There is of course a tendency, for an individual or political party in a position of power to want to try and hang on to that power. What may be more important to remember, as we live in a democratic republic, is that the real power is in the hands of voters and our citizenry ... if they actually make USE of that power.

After losing Congress to the GOP during the mid-term election of 1994, Democratic President Bill Clinton reached out to new Speaker Newt Gringrich (R-GA), to craft several pieces of more centrist legislation, including Welfare/Workfare reform, which resulted in Temporary Assistance for Needy Families (TANF), and other programs that Clinton had not championed earlier in his first term. He would be re-elected in 1996, by a wider margin than his first victory.

During the same time frame in Georgia, the House Congressional Caucus had shifted majority Republican (including Gingrich). Then-Gov. Zell Miller and his successor Roy Barnes both noted the shift to the GOP, first in the metro Atlanta suburbs, and fast-migrating out-state, next into Miller’s home country of the North Georgia mountains. Barnes would be a powerful one-term governor, but changing the state flag and political conflicts with Georgia educators, along with shifts in demographics and voting trends, would result in an upset victory by then-State Senator Sonny Perdue, elected Georgia’s first Republican governor since Reconstruction in 2002.

In a last gasp attempt at hanging on to power, Georgia Democrats had used the 2001 reapportionment of Congressional and legislative districts to draw maps more favorable to Democratic incumbents. But the new maps did not do the trick. Losers in 2002 would include then-House Speaker Thomas B. Murphy, the longest serving Democratic State House speaker in the nation, as well as members of Congress and the Georgia General Assembly. It would be Georgia’s State Senate, following Perdue’s election, that would be first to flip to majority GOP.

That red tide would continue, consistently spreading, up until about 2016. Those same metro Atlanta suburbs, and particularly women voters there, began to recoil from some of the expanded GOP’s social agenda. In a state without required party registration, independents, swing voters, Libertarians and a lot of formerly Republican women, began to take a look again at Democratic Party candidates up and down the ticket.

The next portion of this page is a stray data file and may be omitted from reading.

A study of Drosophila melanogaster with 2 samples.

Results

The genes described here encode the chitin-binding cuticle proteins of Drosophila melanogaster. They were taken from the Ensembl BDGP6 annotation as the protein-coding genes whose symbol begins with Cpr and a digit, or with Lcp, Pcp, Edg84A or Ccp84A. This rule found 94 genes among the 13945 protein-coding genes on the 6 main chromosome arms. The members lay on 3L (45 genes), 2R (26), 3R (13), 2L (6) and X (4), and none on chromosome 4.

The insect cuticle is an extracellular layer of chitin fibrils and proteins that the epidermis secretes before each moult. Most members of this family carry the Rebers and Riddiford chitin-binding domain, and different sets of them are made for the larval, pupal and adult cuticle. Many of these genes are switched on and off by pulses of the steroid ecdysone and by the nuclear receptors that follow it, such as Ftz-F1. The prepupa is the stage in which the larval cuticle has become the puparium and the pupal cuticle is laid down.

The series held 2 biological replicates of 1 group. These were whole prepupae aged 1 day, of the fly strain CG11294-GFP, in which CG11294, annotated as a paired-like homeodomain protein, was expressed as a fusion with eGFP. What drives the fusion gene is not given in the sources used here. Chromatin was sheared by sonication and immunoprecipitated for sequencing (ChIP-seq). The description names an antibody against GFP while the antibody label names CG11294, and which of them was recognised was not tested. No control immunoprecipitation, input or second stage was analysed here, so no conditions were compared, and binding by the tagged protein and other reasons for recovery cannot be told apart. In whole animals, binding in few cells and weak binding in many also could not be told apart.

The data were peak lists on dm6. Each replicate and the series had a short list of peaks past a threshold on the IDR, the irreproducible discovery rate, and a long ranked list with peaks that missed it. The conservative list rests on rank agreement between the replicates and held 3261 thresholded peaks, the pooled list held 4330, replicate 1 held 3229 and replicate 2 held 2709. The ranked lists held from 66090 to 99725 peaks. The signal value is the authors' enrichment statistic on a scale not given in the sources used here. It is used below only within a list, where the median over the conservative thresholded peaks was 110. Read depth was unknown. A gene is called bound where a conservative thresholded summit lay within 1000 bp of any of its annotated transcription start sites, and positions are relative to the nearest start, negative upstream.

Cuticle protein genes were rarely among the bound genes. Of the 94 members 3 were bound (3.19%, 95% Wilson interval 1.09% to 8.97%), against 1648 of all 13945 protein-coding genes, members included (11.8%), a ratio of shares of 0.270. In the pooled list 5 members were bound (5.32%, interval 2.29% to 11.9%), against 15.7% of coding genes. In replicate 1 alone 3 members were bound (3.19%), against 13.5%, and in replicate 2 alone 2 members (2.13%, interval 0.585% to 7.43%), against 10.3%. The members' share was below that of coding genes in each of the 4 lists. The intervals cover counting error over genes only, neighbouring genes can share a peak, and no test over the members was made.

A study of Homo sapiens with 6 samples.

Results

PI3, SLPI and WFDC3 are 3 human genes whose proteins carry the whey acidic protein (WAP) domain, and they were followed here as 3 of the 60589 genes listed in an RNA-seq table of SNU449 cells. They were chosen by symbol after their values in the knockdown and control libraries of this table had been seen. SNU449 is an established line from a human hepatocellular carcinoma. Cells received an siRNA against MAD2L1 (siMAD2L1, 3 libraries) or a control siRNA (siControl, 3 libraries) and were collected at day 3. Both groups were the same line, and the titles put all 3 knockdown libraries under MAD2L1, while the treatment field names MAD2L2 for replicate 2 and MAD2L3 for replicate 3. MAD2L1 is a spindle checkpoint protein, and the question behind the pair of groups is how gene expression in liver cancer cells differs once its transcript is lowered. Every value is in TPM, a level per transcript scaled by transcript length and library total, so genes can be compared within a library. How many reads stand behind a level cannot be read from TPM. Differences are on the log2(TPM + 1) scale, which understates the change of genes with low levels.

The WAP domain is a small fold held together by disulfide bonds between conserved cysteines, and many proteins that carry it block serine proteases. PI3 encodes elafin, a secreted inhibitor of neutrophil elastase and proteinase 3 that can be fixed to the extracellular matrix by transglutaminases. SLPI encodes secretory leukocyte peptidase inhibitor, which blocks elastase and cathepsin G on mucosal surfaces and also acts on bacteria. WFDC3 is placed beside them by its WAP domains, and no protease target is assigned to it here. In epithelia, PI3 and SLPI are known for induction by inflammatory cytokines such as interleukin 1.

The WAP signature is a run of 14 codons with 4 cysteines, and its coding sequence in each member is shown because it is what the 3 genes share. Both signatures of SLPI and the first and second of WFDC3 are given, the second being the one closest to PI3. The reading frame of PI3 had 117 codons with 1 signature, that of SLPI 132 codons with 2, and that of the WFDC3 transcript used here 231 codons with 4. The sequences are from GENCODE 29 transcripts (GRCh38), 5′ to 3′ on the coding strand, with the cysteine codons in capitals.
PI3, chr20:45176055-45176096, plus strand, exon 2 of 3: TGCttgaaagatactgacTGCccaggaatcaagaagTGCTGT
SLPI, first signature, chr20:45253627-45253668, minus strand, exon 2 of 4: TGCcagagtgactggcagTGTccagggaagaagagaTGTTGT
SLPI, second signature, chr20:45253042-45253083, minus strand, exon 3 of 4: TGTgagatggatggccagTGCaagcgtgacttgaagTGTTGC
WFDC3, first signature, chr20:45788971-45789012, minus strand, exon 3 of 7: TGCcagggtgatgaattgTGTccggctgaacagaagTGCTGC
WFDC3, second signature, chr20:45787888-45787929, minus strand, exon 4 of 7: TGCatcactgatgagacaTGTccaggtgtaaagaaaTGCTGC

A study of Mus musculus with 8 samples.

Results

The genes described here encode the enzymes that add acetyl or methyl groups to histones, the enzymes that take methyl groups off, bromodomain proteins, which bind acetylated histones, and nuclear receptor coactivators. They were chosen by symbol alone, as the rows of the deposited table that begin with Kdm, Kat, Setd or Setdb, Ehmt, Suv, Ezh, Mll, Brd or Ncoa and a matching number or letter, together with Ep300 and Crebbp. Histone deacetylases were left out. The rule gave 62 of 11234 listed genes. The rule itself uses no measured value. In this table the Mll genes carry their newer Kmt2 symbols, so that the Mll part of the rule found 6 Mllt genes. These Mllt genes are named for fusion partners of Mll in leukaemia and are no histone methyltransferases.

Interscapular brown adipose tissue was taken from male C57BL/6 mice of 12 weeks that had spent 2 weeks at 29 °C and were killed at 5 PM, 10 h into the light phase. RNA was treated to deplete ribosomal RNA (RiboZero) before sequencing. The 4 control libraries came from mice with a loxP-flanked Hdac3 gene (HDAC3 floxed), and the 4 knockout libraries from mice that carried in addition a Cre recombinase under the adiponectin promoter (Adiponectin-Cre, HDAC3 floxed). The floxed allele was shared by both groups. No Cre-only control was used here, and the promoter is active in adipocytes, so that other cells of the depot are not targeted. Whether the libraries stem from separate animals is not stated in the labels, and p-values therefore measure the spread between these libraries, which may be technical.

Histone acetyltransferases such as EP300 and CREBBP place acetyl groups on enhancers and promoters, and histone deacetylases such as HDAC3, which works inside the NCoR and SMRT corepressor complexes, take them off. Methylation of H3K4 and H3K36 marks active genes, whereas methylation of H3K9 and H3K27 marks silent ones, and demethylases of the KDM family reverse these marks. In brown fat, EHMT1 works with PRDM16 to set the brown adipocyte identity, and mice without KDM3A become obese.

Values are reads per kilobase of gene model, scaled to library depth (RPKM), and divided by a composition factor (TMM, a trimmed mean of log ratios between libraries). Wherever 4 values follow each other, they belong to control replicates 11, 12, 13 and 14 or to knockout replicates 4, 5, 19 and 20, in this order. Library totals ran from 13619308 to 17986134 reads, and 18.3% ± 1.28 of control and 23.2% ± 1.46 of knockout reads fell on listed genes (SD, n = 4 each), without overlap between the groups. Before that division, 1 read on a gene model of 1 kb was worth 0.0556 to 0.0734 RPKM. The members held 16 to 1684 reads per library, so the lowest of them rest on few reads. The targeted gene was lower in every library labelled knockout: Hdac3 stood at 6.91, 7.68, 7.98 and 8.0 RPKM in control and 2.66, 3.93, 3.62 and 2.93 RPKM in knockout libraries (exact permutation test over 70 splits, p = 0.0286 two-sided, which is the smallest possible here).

Which brings us to today. Former State Rep. Stacey Abrams effectively weaponized the issue of voter suppression as a rallying cry, and then has demonstrated in now three election cycles its attraction to a broad coalition of Democratic voters. This despite a GOP governor, Perdue, signing into law Advance Voting, No Excuse Absentee Voting, Motor Voter Automatic Registration and Republican Secretary of State’s creating and expanding online registration, absentee ballot drop boxes and a host of changes that actually expanded voter participation.

And now a combination of terrified GOP incumbents, surging Democratic vote in the suburbs and the majority of Advance and Absentee ballot has those who believe the 2020 contest stolen to try to prescribe DOWN voter access and methods of voting among those likely to be Democrats. A raft of legislation has been proposed, ranging from removing the drop boxes and all but ending no-excuse absentee voting to shortening the time frame for early voting. And some supporters of the current governor have started a self-styled PAC called, “Stop Stacey,” ahead of any announced campaign for governor or other office.

If you think Ms. Abrams was effective in touting the evils of Georgia voter suppression previously, just sit back and watch when she is handed ammunition and a club by the fading GOP ... actually engaging in suppression.

Additional security and virtual or voter I.D. in the absentee ballot application process is warranted and has broad support. Adding a four digit identifier, such as the last four of a driver’s license or Social Security number to the cast ballot is a relatively simple modification, identifying the actual voters on the front and back end of that process.

There are GOP leaders, principally House Speaker David Ralston and Lt. Gov. Geoff Duncan, who view more heavy-handed changes as ill-advised. If they are joined by like-minded caucus members who remember that a path to victory comes in broadening bases ... not in narrowing them ... the Georgia Republican Party may extend its reign. But when others are listening to that little Red Devil on their shoulder whispering conspiracy theories and suggesting closing doors and shutting down access is the way to go, I have only three words. Don’t do it.